The sportswear segment is in its glory days, benefitting from a need for comfort with more people at home and taking up fitness activities following the outbreak of Covid across the globe.

The pandemic has forced a lifestyle shift which has seen people spending significant amounts of time at home and prioritising comfort and wellbeing.


Between 2015 and 2019, sportswear’s share of the total apparel market grew three percentage points to 21.8%.

And in 2020 – the year in which we witnessed retailers across the globe shut down in a bid to curb the spread of the virus – while apparel sales fell 19%, sportswear fell just 7%.

Sportswear is here to stay, even if Covid never leaves

In a survey of 23,000 shoppers across 29 global markets in January, GlobalData found shoppers are wearing sportswear “a couple of times a week” which demonstrates its prevalence in their wardrobes.

Comfort is the most important factor among shoppers when it comes to sportswear and it needs to be able to double up as athleisure wear with cosy fabrics and flexible fits for wearing from the gym to around the home.

Shoppers also indicated they are likely to trade up for better made, longer-lasting items as they are being worn so regularly.

The growing sportswear/athleisure trend is something retailers and brands are fast picking up on, with the likes of M&S, ASOS, Primark and Boohoo all launching sportswear ranges, and often, being able to offer lower prices and trend-led styles when compared with dedicated sports brands.


Casualisation is a long-term thing: Joggers, hoodies and leggings became wardrobe staples during the Covid pandemic, but even now when socialisation is resuming, shoppers have become accustomed to the comfort sportswear brings them and it will be a go-to choice for many.

Outdoor opportunity: During the pandemic, many took staycations which included hiking and walks. This is set to continue, and items like puffer coats will continue to see accelerated growth. Fashion brands should partner specialist outdoor clothing brands to leverage technical expertise such as the collaboration that was seen between Gucci and North Face.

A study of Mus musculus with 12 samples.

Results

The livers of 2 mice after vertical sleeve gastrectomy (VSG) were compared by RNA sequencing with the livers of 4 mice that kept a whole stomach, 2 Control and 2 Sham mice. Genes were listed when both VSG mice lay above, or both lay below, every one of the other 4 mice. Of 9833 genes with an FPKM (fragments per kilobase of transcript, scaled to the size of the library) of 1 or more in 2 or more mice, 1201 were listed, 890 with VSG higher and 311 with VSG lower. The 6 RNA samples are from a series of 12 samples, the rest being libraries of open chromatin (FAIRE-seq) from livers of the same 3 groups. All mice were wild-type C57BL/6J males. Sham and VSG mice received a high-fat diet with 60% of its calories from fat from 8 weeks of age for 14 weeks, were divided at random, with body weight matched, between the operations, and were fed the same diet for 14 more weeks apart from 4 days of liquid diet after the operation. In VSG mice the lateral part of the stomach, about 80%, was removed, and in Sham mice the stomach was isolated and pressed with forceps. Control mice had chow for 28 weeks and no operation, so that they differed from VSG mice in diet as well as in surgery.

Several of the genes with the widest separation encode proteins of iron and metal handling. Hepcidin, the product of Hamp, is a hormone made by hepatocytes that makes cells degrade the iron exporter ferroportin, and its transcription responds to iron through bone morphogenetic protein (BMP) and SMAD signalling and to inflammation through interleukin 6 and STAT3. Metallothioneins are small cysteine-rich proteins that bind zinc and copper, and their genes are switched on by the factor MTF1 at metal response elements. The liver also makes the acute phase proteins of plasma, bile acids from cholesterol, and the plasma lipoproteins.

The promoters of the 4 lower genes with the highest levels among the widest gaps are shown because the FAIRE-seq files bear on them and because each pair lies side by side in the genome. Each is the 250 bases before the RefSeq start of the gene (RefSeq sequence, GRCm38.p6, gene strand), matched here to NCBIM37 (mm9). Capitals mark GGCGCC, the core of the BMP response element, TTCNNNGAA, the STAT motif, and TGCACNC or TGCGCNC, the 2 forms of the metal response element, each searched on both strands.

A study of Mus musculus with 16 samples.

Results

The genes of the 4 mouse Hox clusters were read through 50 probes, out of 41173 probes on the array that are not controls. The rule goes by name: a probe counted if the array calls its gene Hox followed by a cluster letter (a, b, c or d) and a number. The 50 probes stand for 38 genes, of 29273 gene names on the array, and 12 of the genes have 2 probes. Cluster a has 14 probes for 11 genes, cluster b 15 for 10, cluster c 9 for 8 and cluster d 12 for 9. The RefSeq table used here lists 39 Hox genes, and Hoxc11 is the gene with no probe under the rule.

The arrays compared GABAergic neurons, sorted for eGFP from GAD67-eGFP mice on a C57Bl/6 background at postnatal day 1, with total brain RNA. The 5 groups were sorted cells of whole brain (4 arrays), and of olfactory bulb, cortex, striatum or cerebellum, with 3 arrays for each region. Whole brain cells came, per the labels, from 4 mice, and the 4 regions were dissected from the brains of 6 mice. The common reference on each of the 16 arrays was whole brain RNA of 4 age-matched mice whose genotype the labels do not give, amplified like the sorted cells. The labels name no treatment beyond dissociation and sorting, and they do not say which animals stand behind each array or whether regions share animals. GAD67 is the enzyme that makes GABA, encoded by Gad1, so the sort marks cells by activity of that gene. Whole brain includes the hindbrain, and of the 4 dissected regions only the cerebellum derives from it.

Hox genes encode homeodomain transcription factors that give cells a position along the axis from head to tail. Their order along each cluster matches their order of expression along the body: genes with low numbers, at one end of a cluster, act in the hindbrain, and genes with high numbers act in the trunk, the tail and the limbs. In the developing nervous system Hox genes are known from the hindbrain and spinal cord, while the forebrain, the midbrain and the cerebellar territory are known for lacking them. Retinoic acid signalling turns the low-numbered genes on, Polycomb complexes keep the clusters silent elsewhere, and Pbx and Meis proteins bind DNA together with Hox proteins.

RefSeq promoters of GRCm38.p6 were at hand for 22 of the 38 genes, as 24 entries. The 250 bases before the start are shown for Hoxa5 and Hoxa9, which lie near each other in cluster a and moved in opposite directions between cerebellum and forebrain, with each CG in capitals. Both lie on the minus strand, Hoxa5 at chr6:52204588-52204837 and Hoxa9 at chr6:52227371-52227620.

Direct to Consumer (DTC) channel: DTC offers brands greater control over strategy and cost control. Brands such as Lululemon have primarily sold via its own channels while Nike in recent years has prioritised DTC. At the end of May 2021, DTC made up 38.7% of its brand revenue.

Apps for engagement: Apps that see brands offer incentives and allow for consumer engagement are helping with brand loyalty. This could be anything from running clubs to monitoring fitness activity which when logged offer points and rewards in return.

Sustainability is King: And will be for the foreseeable. Brands are looking to innovate around sustainability following the pandemic. Patagonia is one of the pioneers in this, encouraging people not to buy new and use repair services as advertised on its website. Other brands are trialling sustainable running shoes such as ON Shoes where consumers wear the shoe until it is worn out and then replace it with a new one. The scheme costs GBP25 a month. However, this is a cost many consumers may not be ready to incur as sustainability concerns are often outweighed by cost concerns.

Strategies for brand success in sportswear

  • Ensuring online channels are up to scratch. For instance, any efforts to increase their reliance on direct consumer channels must focus on online platforms, both through the brand’s website and mobile apps. This is especially important as Covid-19 has created a permanent shift in consumer behaviour to shopping online.
  • Partner with relevant sportspeople and teams to boost brand credibility and awareness. This is especially important for newer brands.
  • Recognise the importance of sports to capitalise on growth. For instance, increased uptake of hiking and other outdoor pursuits due to Covid and the increased interest in women’s tennis in summer 2021.
  • Optimise engagement with consumers to ensure loyalty in a highly competitive market, such as through their own apps or partnering with sports specific apps such as Schreiber and posting fitness classes or sports events virtually or in person.
  • Incorporate trend elements into designs to fully capitalise on the trend of casualisation ensuring brands keep up with the market leader in terms of style credentials, such as by collaborating with designers and other brands.